Update: Changed headline to say "one of" the first great comic book films. Superman was released in 1978.
The world was a very different place when the original live-action Teenage Mutant Ninja Turtles movie was made in 1990, and this oral history of the film from The Hollywood Reporter shows just how far Hollywood has come in its thinking about comic book films.
"Gary [Propper] and I made the rounds to virtually every studio in Hollywood," producer Kim Dawson remembers. "I had worked at Showtime, and one of my first calls was to Peter Chernin, who went on to run Fox for a long time. But Peter goes, 'Are you guys out of your minds?' Howard the Duck was just released. Nobody felt like a comic book could be converted into a live-action character."
Gary Propper, for reference, was the manager of Gallagher, the standup comic who hits fruit with a hammer.
They finally found financing, put the actors through hell with the Henson-created suits and masks, and did what they could with the film's $13.5 million budgets.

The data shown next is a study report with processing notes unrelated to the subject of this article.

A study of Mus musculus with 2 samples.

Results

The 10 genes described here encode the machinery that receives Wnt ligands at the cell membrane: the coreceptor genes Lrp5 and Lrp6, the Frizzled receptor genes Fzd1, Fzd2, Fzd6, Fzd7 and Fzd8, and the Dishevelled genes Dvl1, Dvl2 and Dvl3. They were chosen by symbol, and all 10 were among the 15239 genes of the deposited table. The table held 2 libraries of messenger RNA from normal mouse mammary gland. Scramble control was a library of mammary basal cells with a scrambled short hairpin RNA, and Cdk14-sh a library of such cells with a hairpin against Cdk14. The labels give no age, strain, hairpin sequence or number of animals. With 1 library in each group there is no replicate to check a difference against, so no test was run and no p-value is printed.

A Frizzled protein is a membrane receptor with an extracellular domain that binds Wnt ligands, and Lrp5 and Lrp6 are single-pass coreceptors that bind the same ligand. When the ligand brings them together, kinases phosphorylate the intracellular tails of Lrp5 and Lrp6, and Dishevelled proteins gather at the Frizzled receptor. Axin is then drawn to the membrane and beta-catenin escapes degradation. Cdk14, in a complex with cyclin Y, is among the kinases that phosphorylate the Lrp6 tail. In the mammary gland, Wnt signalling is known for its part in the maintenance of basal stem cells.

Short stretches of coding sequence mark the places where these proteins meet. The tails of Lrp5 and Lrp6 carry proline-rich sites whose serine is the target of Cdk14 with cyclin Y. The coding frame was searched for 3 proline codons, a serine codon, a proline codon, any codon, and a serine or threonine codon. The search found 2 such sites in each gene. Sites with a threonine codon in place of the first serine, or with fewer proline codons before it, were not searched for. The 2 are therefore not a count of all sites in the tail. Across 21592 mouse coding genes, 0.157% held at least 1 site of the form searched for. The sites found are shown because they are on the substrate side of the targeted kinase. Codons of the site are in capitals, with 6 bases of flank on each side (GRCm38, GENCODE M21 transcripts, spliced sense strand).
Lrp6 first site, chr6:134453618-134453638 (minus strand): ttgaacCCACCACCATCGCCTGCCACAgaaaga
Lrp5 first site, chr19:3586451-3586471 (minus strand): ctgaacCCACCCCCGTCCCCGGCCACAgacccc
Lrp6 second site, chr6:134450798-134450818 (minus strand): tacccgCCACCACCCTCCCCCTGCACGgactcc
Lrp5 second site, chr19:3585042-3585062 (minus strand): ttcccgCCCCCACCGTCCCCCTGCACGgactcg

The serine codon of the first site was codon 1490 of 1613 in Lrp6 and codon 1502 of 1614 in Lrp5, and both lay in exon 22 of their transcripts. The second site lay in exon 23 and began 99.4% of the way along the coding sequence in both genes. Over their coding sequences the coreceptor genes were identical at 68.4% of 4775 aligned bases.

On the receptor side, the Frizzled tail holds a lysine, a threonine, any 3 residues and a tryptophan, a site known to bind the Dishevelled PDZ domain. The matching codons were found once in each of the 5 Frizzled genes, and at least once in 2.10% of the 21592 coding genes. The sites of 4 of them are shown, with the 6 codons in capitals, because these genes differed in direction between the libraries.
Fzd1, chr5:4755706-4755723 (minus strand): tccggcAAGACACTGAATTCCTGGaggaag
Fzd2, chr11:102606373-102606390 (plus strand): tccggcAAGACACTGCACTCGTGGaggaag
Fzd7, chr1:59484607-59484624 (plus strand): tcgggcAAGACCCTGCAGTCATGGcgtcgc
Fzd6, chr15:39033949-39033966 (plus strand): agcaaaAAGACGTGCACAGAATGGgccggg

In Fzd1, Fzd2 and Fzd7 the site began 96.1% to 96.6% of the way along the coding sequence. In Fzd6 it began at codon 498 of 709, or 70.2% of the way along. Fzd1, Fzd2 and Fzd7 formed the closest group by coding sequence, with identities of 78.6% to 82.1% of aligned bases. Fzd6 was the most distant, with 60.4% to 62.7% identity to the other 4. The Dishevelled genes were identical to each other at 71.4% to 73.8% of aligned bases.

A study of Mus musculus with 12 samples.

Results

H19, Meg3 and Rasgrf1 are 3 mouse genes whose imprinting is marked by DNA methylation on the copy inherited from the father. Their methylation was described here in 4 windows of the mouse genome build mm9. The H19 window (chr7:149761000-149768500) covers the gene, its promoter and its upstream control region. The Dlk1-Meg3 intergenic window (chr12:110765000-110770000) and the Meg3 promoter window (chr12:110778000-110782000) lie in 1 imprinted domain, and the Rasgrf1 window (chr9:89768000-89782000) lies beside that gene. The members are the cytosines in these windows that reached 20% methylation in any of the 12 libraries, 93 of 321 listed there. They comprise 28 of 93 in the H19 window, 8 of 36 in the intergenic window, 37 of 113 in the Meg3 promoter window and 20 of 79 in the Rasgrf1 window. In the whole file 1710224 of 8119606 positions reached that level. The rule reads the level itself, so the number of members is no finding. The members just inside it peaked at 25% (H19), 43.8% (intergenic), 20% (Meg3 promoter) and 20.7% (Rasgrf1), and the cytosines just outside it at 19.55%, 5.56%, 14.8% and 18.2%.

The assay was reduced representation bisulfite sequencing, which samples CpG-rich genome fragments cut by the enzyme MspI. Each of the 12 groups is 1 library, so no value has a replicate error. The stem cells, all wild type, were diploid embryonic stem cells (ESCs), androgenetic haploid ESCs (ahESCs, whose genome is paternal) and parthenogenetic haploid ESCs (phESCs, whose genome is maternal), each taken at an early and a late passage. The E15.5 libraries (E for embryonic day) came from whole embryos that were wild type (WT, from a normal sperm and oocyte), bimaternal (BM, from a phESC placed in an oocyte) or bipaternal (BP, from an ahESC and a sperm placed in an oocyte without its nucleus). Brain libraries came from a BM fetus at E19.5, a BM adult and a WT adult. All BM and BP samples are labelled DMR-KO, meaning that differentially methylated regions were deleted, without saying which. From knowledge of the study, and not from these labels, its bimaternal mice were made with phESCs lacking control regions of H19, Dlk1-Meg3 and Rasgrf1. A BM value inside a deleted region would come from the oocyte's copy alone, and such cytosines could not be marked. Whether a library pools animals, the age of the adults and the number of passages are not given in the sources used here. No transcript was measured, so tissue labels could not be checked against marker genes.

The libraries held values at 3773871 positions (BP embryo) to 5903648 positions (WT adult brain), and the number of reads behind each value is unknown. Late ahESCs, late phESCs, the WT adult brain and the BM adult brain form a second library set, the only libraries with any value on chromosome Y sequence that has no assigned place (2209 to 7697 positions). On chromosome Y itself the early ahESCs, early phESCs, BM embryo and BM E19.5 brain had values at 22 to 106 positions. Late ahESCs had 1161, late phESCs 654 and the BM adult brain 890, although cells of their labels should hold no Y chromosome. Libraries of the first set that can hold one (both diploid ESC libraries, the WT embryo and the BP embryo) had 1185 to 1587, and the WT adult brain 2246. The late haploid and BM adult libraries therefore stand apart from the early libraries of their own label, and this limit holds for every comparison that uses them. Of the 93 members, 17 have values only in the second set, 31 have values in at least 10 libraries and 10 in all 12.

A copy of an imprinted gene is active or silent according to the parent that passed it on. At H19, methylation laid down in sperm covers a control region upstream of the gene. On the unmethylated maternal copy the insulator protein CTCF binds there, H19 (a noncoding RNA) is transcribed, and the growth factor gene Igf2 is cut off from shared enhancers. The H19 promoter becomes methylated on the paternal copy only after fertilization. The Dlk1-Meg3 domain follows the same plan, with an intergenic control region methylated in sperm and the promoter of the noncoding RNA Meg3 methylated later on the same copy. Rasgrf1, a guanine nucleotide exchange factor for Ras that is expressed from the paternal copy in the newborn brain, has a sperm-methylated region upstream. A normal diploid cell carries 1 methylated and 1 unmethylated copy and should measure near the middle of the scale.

"I didn't want to do something that was bloody. I didn't want to watch that film. Funnily enough, Batman came out at the same time. It was that sort of tone I was already aiming for," director Steve Barron said. "The films that I loved, there was a sense of humor but a sense of peril as well. Of real peril, of grounded peril. Like something that had repercussions for what you did but had a wonderful sense of fun with it. I was a big fan of Ghostbusters."
The result was an amazing film, based on an inherently silly premise, that still feels more "real" and human than most superhero or comic book films.
The 1990 film stands up to this day as the right way to treat the characters, and the rest of the history of the film is definitely worth your time. It also made over $200 million worldwide and convinced the world of Hollywood, along with 1989's Batman, that comic book films were kind of a big deal.
The entire oral history of the film is a treasure trove of interesting stories, from a time before every comic has been optioned for an upcoming film in this or that universe.